A Swedish Group's Novel Approach to Stop Russian Submarines From Entering Swedish Waters

PHOTO: An underwater defense device, a gay-themed sonar system, is lowered into the water in the archipelago, April 27, 2015, outside Stockholm, Sweden. PlaySwedish Peace and Arbitration Society/AP Photo
WATCH How to Stop Russian Submarines From Entering Swedish Waters

A Swedish Peace group is installing an unconventional underwater sign in the archipelago outside Stockholm, hoping it will deter anti-LGBT Russia from entering its waters.

The sign, dubbed "The Singing Sailor," features a sailor waving a white flag saying "Welcome to Sweden -- Gay since 1944," a reference to the year Sweden legalized homosexuality. The neon-lit soldier in his underpants also emits the phrase "This way if you are gay" in Morse code.

While the sign could appear to be a promotional stunt ahead of the Stockholm Pride Parade on Aug. 1, its message is political. The Swedish Peace and Arbitration Society, which is behind the project, is a nonprofit group that aims to speed up military disarmament and forward the transference of resources from defense to development.

The sign’s purpose, the group writes on its website, “is to urge the Swedish government to think in new ways instead of falling back on territorial defense, conscription and rearmament."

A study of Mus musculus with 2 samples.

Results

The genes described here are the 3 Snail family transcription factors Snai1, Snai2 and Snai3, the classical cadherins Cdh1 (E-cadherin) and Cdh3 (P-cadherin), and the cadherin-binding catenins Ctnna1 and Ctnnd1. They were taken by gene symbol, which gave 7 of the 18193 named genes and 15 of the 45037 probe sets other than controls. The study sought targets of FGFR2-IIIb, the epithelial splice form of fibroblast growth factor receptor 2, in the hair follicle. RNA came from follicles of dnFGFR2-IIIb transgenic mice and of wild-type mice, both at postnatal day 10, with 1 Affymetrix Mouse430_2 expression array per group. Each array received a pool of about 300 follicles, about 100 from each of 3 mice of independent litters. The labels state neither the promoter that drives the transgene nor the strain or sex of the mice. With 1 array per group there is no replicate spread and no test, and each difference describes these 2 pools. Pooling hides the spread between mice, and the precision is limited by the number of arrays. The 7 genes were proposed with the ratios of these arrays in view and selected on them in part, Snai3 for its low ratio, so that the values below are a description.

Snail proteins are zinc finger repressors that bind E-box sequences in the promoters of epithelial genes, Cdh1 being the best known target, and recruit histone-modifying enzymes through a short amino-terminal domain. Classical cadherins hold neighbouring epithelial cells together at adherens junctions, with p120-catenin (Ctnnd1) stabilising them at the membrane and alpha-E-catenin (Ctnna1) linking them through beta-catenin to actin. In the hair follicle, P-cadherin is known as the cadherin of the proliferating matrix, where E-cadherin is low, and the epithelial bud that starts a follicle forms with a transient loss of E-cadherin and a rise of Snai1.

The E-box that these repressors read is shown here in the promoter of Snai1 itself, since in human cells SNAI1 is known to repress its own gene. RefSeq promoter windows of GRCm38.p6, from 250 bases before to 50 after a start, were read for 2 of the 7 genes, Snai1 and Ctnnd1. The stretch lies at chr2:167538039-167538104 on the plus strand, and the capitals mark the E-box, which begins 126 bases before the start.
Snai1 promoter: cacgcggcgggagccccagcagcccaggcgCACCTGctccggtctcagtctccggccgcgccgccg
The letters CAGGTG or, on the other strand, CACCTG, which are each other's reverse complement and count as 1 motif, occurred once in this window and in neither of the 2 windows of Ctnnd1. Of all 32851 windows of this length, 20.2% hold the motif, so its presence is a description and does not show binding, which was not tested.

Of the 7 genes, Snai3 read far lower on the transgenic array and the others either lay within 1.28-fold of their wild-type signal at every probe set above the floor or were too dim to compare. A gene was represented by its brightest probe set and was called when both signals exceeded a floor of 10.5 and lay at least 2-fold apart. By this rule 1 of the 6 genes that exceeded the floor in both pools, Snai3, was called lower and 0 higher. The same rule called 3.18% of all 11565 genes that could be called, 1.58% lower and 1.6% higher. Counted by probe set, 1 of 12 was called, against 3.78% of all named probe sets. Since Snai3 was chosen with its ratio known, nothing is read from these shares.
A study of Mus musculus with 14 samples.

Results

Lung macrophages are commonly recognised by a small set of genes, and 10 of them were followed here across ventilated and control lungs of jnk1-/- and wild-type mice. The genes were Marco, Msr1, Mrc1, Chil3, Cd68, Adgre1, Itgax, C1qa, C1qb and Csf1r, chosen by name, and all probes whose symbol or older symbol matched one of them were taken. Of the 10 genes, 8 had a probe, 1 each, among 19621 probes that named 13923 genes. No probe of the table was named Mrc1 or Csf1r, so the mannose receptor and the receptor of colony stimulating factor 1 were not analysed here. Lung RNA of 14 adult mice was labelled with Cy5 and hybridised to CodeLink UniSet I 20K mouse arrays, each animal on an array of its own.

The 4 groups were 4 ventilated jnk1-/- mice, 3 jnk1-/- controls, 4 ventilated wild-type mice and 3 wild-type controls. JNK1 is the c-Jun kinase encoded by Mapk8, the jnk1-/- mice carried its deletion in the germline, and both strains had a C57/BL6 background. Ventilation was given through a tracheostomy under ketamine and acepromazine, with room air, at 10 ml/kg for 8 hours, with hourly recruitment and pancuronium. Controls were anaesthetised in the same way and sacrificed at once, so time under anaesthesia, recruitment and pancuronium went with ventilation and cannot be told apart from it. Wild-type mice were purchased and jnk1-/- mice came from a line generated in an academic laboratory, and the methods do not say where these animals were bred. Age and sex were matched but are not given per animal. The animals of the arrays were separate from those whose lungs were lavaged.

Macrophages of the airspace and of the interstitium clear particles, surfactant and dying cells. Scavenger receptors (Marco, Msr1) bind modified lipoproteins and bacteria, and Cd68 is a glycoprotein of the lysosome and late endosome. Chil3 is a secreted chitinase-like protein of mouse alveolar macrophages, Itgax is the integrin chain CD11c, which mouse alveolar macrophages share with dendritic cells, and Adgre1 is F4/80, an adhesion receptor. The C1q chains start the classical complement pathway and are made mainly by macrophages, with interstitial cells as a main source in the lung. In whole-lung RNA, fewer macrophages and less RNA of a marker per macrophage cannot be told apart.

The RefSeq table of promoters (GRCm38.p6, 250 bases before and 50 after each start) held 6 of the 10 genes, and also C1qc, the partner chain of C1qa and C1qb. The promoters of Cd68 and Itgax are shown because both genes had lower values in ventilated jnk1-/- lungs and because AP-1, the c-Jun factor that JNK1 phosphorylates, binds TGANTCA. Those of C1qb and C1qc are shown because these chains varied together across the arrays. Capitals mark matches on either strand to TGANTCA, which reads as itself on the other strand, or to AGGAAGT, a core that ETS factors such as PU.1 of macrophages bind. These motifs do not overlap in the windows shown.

“In times of unrest, love and peace across boundaries is more important than ever. We want to break-up with the violence. Our invitation is also extended to Swedish subs and military personnel and all others that want to join us,” Daniel Holking, communications and fundraising manager with the Swedish Peace and Arbitration Society, said in a statement.

PHOTO:An underwater defense device, a gay-themed sonar system, is lowered into the water in the archipelago, April 27, 2015, outside Stockholm, Sweden. Swedish Peace and Arbitration Society/AP Photo
PHOTO:An underwater defense device, a gay-themed sonar system, is lowered into the water in the archipelago, April 27, 2015, outside Stockholm, Sweden.

Security has become a main focus in Baltic countries amid increased tension with Russia, and Sweden underwent its largest mobilization since the Cold War last fall, during a hunt for an underwater vessel in the Stockholm archipelago.

Regarding the effectiveness of this campaign however, Oscar Jonsson, a Swedish expert on Russian warfare, told ABC News that the logic was flawed.

"The group is notable for not speaking against Russian repression or aggressiveness in any way, even if their campaign is actually targeted against that," Jonsson said, adding that the submarine from last fall's incident was confirmed to be Russian, "in which case it's ironic to put the blame on the Swedish Armed Forces and not on the aggressor instead."